Here are my simple steps to avoiding toxic family arguments this Christmas
It’s the most wonderful time of the year… or is it? If Christmas with the family feels more like a festive trial than a time of peace, love and joy, you’re not alone.
According to Relate, 70% of us are expecting to row over the festive season. Many of us are stuck in unhelpful or damaging behavioural patterns with our loved ones, and being shut inside together can take more than a glass of mulled wine to endure.
We spoke to the experts on dealing with festive family issues, so you can go forth and be merry…
“Year after year, we can go into the festive period hoping that this time it’s going to be different, and more often than not, it isn’t and we experience painful repetition of past hurts,” says Kate Roberts, a hypnotherapist and coach.
Don’t be a child
Even if you’re happy in your own skin and a success at home and work, just 10 minutes at your parents’ house can be enough to bring out your inner brat.
It’s understandable, says Kate. “Christmas can be triggering for many of us. We’re often recreating family structures from childhood, so it’s easy to assume those familiar roles and slip into old unconscious patterns of behaviour.”
Kate says: “A tactful conversation with your parents may do the trick, but the most important thing is to remind yourself of who you are now, remember that you’re very different from the childhood version of you and try to maintain that sense of self as you go into these interactions.”
Think about the qualities that make you who you are now – your interests, beliefs, values.
The trick is to acknowledge that things have changed and that you’re an adult now.
To do that, Kate says: “Close your eyes and take some calming breaths. Try the 4/7/8 breathing technique – inhale for a count of four, hold for seven, then exhale for eight.
Think about the qualities that make you who you are now – your interests, beliefs, values, key personality traits. Imagine yourself from an outsider’s perspective and feel how empowered you are in other areas of your life.
Once you’ve generated these good feelings within, open your eyes and know that this is who you are. You can bring all these wonderful qualities to your interactions with your family.”
Share the load
It can unfairly fall to the same person to do all the present buying, cooking, cleaning and everything in between.If that’s you, speak up and make sure everyone chips in.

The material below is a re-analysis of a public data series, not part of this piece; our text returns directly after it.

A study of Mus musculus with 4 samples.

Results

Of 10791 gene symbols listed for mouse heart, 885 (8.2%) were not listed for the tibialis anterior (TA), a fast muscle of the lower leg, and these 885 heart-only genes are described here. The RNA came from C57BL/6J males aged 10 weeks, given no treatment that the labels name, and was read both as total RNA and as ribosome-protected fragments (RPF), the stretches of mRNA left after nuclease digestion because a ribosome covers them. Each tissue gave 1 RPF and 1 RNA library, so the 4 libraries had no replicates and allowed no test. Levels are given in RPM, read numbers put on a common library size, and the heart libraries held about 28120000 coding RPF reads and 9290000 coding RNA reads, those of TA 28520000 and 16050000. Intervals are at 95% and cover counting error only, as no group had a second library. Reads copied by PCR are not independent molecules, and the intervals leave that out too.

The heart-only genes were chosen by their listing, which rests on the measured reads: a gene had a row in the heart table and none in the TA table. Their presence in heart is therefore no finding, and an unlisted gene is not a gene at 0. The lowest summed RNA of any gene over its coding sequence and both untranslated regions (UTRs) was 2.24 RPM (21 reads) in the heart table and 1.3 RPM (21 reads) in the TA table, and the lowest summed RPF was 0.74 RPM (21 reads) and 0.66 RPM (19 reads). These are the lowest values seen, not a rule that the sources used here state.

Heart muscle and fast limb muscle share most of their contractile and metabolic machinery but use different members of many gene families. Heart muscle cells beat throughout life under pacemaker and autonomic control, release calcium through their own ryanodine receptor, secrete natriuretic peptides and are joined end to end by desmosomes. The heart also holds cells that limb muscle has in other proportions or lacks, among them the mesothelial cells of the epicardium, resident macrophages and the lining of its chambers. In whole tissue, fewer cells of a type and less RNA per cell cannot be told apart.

“Having a word before December 25 can help keep frustrations to a minimum and allow the day to run more smoothly,” says Kate.
“Suggest sharing the workload – everyone brings a side dish, for example. Assign duties to family members, such as laying/clearing the table or topping up drinks.”
Set firm boundaries on what you are and aren’t willing to do. Going out for Christmas dinner is also an option – it means everyone escapes the washing-up, while the change of scenery might mean you’re all better behaved!
Put yourself first
If the mere thought of festivities with the family makes you feel queasy, you can make different plans.
“It’s OK to choose not to spend Christmas with your family – you can opt out,” says Kate.
“You might say: ‘I know I usually spend Christmas at yours, but I’ve decided to stay at mine this year and do things a bit differently.’
Expect that your family may respond with disappointment, try to convince you to do otherwise or be angry. But it’s your decision to make, and you’re not doing anything wrong in prioritising your needs.”
Kate adds: “Be honest with yourself about what you need. Do some things that make you feel great, whether that’s meeting friends, exercising, meditating or reading a good book.
The more we improve our self-esteem and cultivate self-compassion, the less we feel drawn into family dysfunction and compelled to engage in toxic dynamics.”